The first-quarter earnings report for the fourth-largest energy services provider, Weatherford International (NYSE:WFT), was not flawless in terms of growth or margins. What was, and is, more important is that the company has very clearly put itself on a path of serious self-improvement and is remaking itself into a high-margin provider of services with relatively little overlap with the big three -- Schlumberger (NYSE:SLB), Halliburton (NYSE:HAL), and Baker Hughes (NYSE:BHI).

With this progress, the penalty to Weatherford's earnings before interest, taxes, depreciation, and amortization multiple no longer seems as appropriate, and these shares continue to look undervalued as an improving play on unconventional reservoirs.

Performance is always at least a little relative
Weatherford's reported results may not seem to explain the big move in the shares for those readers unfamiliar with the story. After all, Weatherford reported 6% year-over-year and and 4% quarter-over-quarter revenue declines. That's not so impressive next to Schlumberger's +5%/-6%, Halliburton's +5%/-4%, or Baker Hughes' +10%/-2%. It was, in fact, actually short of the sell-side target by about $110 million (or 3%).

The bigger story was modestly better-than-expected margin performance, a very welcome sign of stability in a business that has seen years of turmoil, disappointment, and "wait until the next quarter." Operating income did fall 10% year over year but rose 13% from the fourth quarter; and the operating margin was about a quarter-point higher than expected.

Again, this is all about meeting expectations and changing the tone, as Weatherford's absolute margin performance (8%) trailed Baker Hughes' (10.6%), Halliburton's (13.2%), and Schlumberger's (19.3%). Then again, if you look through to the "new Weatherford" margins, you see a much more competitive 15% or so operating margin.

While the increase in net debt was a little disappointing, the company is more than halfway through its workforce reduction. And management sounded very confident about earnings potential for the remainder of the year.

A sizable shift in strategy and focus
Weatherford had built up a portfolio of synergistic technologies for unconventional oil and gas reservoirs that was more oriented to production than stimulation. That's fine, but what wasn't fine was the fact that Weatherford's areas of strength were in low-margin businesses, whereas Schlumberger's strengths were in the high-margin areas (Halliburton and Baker Hughes are roughly in the middle).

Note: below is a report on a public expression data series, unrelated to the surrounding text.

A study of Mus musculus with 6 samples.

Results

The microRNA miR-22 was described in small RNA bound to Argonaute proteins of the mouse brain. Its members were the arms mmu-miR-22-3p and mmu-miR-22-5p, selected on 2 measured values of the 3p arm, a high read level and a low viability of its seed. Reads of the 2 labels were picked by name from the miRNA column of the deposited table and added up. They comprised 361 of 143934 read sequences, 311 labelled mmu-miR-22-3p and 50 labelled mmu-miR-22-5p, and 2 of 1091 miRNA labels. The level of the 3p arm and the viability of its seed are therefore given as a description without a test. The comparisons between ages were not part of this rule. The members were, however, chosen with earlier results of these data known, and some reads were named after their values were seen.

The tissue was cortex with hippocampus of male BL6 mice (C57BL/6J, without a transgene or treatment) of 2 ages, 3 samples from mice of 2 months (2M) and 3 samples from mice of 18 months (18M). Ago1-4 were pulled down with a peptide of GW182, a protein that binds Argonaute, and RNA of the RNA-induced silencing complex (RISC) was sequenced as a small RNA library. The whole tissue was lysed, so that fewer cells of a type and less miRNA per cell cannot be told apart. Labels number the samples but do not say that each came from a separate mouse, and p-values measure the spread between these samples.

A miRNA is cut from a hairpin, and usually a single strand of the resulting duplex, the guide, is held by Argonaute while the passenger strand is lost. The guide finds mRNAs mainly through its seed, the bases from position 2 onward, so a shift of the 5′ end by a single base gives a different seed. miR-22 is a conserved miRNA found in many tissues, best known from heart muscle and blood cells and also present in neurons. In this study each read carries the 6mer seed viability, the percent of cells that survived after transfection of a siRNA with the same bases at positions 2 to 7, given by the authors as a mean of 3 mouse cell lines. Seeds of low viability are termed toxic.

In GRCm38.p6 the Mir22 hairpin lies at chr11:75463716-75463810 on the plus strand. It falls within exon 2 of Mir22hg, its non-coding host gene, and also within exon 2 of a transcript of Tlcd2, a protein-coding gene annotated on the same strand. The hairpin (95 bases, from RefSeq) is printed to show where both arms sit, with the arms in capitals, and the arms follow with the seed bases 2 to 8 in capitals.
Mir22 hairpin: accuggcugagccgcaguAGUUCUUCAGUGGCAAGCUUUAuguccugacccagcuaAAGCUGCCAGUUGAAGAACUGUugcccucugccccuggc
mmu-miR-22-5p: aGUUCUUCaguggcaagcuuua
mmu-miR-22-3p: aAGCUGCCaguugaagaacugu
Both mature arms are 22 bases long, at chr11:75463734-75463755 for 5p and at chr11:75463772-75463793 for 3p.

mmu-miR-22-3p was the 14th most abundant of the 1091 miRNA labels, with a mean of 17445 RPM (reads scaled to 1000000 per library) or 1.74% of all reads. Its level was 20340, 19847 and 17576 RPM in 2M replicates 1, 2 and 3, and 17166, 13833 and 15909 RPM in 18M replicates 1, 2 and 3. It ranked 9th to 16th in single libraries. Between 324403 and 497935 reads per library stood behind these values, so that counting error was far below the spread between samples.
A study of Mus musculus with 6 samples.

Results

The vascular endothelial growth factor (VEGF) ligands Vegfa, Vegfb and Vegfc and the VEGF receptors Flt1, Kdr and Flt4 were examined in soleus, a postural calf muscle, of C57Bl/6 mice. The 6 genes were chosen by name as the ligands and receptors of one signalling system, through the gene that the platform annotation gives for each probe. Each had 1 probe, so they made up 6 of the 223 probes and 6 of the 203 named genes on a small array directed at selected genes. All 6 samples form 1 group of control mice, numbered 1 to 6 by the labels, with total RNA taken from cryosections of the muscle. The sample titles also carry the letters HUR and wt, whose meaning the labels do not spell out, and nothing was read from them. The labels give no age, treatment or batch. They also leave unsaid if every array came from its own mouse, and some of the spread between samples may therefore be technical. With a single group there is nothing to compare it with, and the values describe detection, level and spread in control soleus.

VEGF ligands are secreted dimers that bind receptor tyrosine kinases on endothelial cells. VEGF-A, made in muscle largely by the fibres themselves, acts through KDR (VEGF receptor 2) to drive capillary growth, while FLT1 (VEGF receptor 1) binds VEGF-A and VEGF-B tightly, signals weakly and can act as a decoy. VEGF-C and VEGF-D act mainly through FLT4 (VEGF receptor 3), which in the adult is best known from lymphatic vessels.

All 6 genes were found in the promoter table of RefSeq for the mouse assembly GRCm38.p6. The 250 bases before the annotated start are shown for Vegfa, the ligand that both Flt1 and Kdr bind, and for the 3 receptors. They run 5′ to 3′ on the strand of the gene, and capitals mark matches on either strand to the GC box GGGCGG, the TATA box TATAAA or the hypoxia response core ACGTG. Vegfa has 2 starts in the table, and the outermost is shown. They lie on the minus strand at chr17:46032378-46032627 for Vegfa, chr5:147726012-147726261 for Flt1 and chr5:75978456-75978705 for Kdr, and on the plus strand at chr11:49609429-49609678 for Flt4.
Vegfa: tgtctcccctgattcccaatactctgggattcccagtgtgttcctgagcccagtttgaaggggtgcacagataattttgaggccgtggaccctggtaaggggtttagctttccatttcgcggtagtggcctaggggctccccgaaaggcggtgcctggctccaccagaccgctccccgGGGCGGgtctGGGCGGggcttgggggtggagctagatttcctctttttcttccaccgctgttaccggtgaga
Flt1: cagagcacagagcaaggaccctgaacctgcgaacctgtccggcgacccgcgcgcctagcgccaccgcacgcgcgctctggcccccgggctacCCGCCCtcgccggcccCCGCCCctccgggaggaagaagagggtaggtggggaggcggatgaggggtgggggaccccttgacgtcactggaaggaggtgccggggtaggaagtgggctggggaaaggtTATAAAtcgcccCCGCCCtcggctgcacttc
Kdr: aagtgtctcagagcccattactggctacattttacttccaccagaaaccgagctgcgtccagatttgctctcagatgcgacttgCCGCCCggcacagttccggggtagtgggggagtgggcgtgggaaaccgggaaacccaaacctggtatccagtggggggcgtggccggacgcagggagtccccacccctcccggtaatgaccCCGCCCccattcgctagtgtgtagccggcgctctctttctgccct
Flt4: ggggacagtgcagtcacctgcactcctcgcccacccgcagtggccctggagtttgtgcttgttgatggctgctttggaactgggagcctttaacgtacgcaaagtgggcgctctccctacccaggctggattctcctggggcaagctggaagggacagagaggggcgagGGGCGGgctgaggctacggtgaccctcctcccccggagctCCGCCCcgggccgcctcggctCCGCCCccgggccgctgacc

Management is in the process of moving aggressively to change this through a program of divestitures, spinoffs, and related moves. What will remain is a core of five businesses, with about 60% of revenue coming from businesses with good margins and minimal overlap with the big three. All told, Weatherford will shave away about a quarter of its past revenue but improve EBITDA margins by nearly 25%.

The top of the stack
Well construction and production will lead the new Weatherford. Well construction will likely supply about 40% of revenue, and Weatherford has long had a strong focus on well integrity. The company operates a virtual duopoly in tubular running services (one of the highest-margin businesses in energy services) with Frank's International -- Baker Hughes holds less than a 10% share and Schlumberger and Halliburton hold even less. Weatherford is also a share leader in cementation and has strong positions in liner hangers, expandables, and related products.

Production is the second part of the one-two punch where Weatherford really excels. This segment chips in around 20% of revenue and is built around Weatherford's leading share in rod lift. Baker Hughes and Schlumberger are both much stronger in electric submersible pumps, and GE bought Lufkin to enter rod lift, but rod lift is better suited to enhancing oil production in areas like the Bakken.

The rest isn't bad either
Behind those two businesses, Weatherford will have its formation evaluation business. While the company has some attractive low-diameter logging tools for wireline, it is a distant laggard against the big three. Likewise, the company's logging while drilling and lab services businesses aren't leaders; but it is hoping to grow with differentiated offerings like its Azimuthal gamma ray technology, which basically uses the detection of potassium, uranium, and thorium to help identify hydrocarbon deposits.

Stimulation and completion are somewhat less exciting. Weatherford has a lot less exposure to fracking (around 10% to 12% of revenue) than Baker Hughes, Halliburton, or Schlumberger. It's completion business is more competitive (third-largest after Halliburton and Baker Hughes) and higher-margin, but it's about a quarter the size of well construction in terms of revenue.

The bottom line
There have been many false starts at Weatherford over the years and a lot of seemingly unnecessary delays when it came to cleaning up the accounting and restructuring the business to be more profitable and productive. Now management appears to be serious, and the "new Weatherford" is looking like a much more interesting, more competitive, and more profitable player in the energy services space.

For those who believe Weatherford really has turned a corner and can now justify a 9 times EBITDA multiple, in line with long-term sector averages, the fair value jumps to more than $25. Weatherford has certainly earned a degree of skepticism, but the potential value in the shares from this turnaround does argue that investors should take a closer look today.